It feels good to be writing a healing column again for the Shopper after a four month hiatus at my request. Something in me urged me to “take some time off” from writing this column and I am very grateful that the wonderful folks at the Shopper allowed me a few months break to recharge. My plan was to focus on a proposal for a new book idea I wanted to write, and maybe event to begin to write it.
And then I had a dream of a bear that knocked me for a loop. This bear seemed angry, or at least needed some attention from me. Now bear is an animal that sometimes comes to me when I meditate; a friend in the non-material realm. I think we all have those kind of friends, whether they be in the form of spirit guides or music notes or loved ones moved on to other realms or things you sense but just can’t explain. But I had never before dreamed of a bear, let alone an angry bear.
Shortly afterwards, on a New Hampshire sojourn looking for a moose (which I have yet to see), bear showed up twice nearby – once rummaging in garbage a stone’s throw from our camping spot. This was a physical bear, of course!
What was bear trying to tell me, I wondered? More importantly, I asked myself, what was I really feeling like doing? I realized I just wanted to go into my cave, or maybe my bear den, and retreat from the world.
I think we all have our own caves that we create or make or discover within and beyond ourselves. Those dark and withdrawn possibilities where we just rest in effortless emptiness. In the business of our everyday life and modern society with its offerings of endless stimulation and excitement, we sometimes lose track of our cave, our retreat, our quiet spot, our silence. Periodically retreating to this space can be an important part of our mental and physical health and well-being.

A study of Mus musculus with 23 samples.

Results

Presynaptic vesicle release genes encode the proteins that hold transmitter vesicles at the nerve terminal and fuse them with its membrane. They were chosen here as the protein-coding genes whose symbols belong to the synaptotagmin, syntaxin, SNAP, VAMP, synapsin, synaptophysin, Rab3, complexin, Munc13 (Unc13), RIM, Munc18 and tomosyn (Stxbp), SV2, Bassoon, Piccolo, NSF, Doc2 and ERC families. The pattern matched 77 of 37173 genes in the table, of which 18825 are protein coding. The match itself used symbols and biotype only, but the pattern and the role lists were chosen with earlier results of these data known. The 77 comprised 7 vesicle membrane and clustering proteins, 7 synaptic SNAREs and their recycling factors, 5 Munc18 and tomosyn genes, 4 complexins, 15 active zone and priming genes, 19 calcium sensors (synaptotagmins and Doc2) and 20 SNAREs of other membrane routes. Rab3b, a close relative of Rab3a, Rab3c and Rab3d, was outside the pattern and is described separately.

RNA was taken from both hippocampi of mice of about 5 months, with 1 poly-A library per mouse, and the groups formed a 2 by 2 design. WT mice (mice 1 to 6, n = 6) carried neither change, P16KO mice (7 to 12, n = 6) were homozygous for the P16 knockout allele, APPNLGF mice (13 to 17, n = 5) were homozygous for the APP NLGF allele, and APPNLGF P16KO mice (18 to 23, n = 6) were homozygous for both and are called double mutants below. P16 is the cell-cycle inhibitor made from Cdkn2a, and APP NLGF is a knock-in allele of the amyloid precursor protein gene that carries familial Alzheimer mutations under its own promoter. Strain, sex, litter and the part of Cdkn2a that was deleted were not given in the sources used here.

I was reminded of this poignantly the other day at work. Due to my office being remodeled, I was spending lots of time in the campus library, working from a desk on the second floor. I came back from a fast coffee one mid-afternoon to find on my work desk a photocopied article that someone had written comments on in blue pen. Intrigued, I picked it up and read the handwritten comment first. This is what it said:
“I am not sure who left this article here but thank you very much. It reminded me of something very important I have been losing in my life lately; something we do not have much of these days and we all need. “
I then looked at the article itself – the title was “The Importance of Silence.”
In our own dens, in our own caves, we can access that silence of the soul. In that quiet and dark space oftentimes we find light and the answers we were looking for, just as we finally give up looking for them.
That is what happened to me this time. As my hiatus from writing this article came to a close, I realized how much I was looking forward to writing this article and I also felt a bit disappointed that my ambitious plans for writing did not come to pass. Or so I thought. Until just two days before I needed to write my article for the Shopper. And all of the sudden, in a two hour period, I was able to conceive and write down clearly what my next writing project will be, and it turns out to be something quite different than I thought I would be. Isn’t that how life often goes.
We are all entering the dark period of the year, when in our part of the globe we have to confront the darkness outside and – sometimes – within. It is a time that calls upon our interior light and strength to get us through, and not fall into despair or depression. Yet it also holds such wonderful potential to surprise us with gifts of candle light and illumination.